Traditionally Christianity has called for gender-distinctions in religious service. This is based on a couple of explicit passages together with inferences from other contexts. In this series of classes we argue that the traditional understanding is flawed.
There is a natural stopping point after Class 3 – the main case will have been made by then. The remaining classes address additional relevant topics for anyone who wants to dig deeper.
1. A case to be addressed
This talk establishes the bona fides of addressing this topic as Christadelphians. We are used to wrestling with the complexity of scripture, rather than simply taking the superficial meaning of complex verses. We bring that same perspective to show that the passages usually used for teaching gender-distinctions in religious service deserve another (and closer) look.
2. Women Speaking for God
This talk establishes the positive case, before addressing objections. There are many scriptural accounts of women speaking on behalf of God, spread across many hundreds of years. There is a power to reviewing their calling and message. And it provides a clear demonstration that God himself has called women to positions of spiritual teaching and leadership.
3. Key Passages
There are just three New Testament passages that contain explicit directives often used to establish gender-distinction teachings. In this talk we examine them with a view to resolving the apparent contradiction between these verses and God’s actions, especially his inspiration of women prophets. This class completes the initial sequence of three classes that address the major points about gender-role distinctions – we close with a summary of the case and consider implications for today.
4. Head and Body
The metaphor of head and body shows up in many discussions about gender-based roles. We trace the metaphor as used by Paul, noting it is primarily used to describe the union of Christ and the church, and secondarily regarding marriage. We follow these themes in detail, tracing the links back to Adam and Eve and explore their role as a type of Christ. Returning to the New Testament, we show how the so-called fourfold hierarchy is incompatible with Paul’s use of the head-body metaphor, and close by exploring Paul’s intent in applying the metaphor to marriage.
5. Male and Female
Maleness is prevalent in the Bible. Why is this, and what implications should we draw from it? We examine four inferences that are commonly drawn, from what it means to be in the image of God, through to Jesus’ choice of apostles. Along the way we discuss appropriate use of statistical inferences, and follow covenantal themes of Genesis as they relate to male and female in Christ.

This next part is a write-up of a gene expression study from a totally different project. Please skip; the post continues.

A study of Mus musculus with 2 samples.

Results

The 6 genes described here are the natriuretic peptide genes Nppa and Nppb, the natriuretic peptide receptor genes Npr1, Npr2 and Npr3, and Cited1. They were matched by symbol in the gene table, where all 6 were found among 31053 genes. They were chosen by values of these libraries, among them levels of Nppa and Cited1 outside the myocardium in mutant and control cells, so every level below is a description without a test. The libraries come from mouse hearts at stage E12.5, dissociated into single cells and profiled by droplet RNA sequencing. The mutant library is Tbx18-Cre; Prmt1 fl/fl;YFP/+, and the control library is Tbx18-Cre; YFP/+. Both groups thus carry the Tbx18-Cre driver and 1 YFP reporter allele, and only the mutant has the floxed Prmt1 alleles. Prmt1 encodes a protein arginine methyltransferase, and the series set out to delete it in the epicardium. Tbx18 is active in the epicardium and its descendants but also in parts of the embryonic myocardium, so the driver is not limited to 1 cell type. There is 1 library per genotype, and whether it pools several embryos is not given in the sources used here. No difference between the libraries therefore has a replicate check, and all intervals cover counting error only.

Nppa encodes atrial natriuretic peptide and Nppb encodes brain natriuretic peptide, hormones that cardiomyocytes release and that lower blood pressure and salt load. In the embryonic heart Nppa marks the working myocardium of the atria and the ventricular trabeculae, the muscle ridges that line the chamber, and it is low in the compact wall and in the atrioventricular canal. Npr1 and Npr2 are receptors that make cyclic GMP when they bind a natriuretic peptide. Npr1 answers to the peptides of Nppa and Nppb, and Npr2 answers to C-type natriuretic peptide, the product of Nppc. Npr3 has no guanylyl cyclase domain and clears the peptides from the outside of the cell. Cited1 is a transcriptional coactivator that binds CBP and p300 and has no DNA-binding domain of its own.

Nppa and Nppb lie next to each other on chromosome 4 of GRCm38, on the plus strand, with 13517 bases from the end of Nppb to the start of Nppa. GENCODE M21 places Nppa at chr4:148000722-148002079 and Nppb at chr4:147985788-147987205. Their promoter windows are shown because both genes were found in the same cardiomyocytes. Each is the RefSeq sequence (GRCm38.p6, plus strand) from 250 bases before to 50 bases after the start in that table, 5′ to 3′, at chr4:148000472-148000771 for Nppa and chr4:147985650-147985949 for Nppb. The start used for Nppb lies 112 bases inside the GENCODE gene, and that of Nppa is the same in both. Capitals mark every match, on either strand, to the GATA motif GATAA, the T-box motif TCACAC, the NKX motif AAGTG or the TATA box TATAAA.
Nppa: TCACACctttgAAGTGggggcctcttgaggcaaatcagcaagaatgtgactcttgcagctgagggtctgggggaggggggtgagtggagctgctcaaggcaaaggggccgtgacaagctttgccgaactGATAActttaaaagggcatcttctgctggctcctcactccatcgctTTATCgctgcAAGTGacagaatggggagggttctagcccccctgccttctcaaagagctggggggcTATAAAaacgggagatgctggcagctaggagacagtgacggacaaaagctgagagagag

Please feel free to email me with your thoughts or reactions, especially if you think there are places I have made a mistake in handling Scripture. To confuse spam bots I’ll describe my email address as firstname.lastname@example.org, but let the reader understand… Some comments that seem particularly helpful I may post here, but I will ask for your permission first.
I wanted to thank you hugely for the first of your series on the role of women in the church. You approach the subject with grace and humility and manage to be commendably even-handed. It’s just perfectly pitched. Your logic too is inescapable and compelling.H.M. United Kingdom
This is the first of countless attempts to broach this subject that I felt happy to recommend to someone dear to me who’s of a more traditional persuasion. That means a lot.
So much looking forward to the rest of the series. Thank you for having the courage to tackle this topic, and then for taking such care in the execution.
My husband and I watched both videos tonight. We kept pausing and discussing points excitedly. Bro John makes such a great case for how God viewed and utilised women. Especially the women at the tomb being commanded to go and tell the apostles.L.A. New Zealand
Bro John used the words ‘diminished’ and ‘feels diminished’. That resonated so much with me. That’s how I feel. Less than, unwanted, not good enough because I had the misfortune to be born female. I feel so sad thinking that way.
But John has shown me that I am beloved by God, wanted, worthy, equal to… a joy and (for me struggling in my faith walk) a challenge to live up to.
I am very eager to see the next talk when it is online.
And I would love for the opportunity to work in my ecclesia using my gifts properly.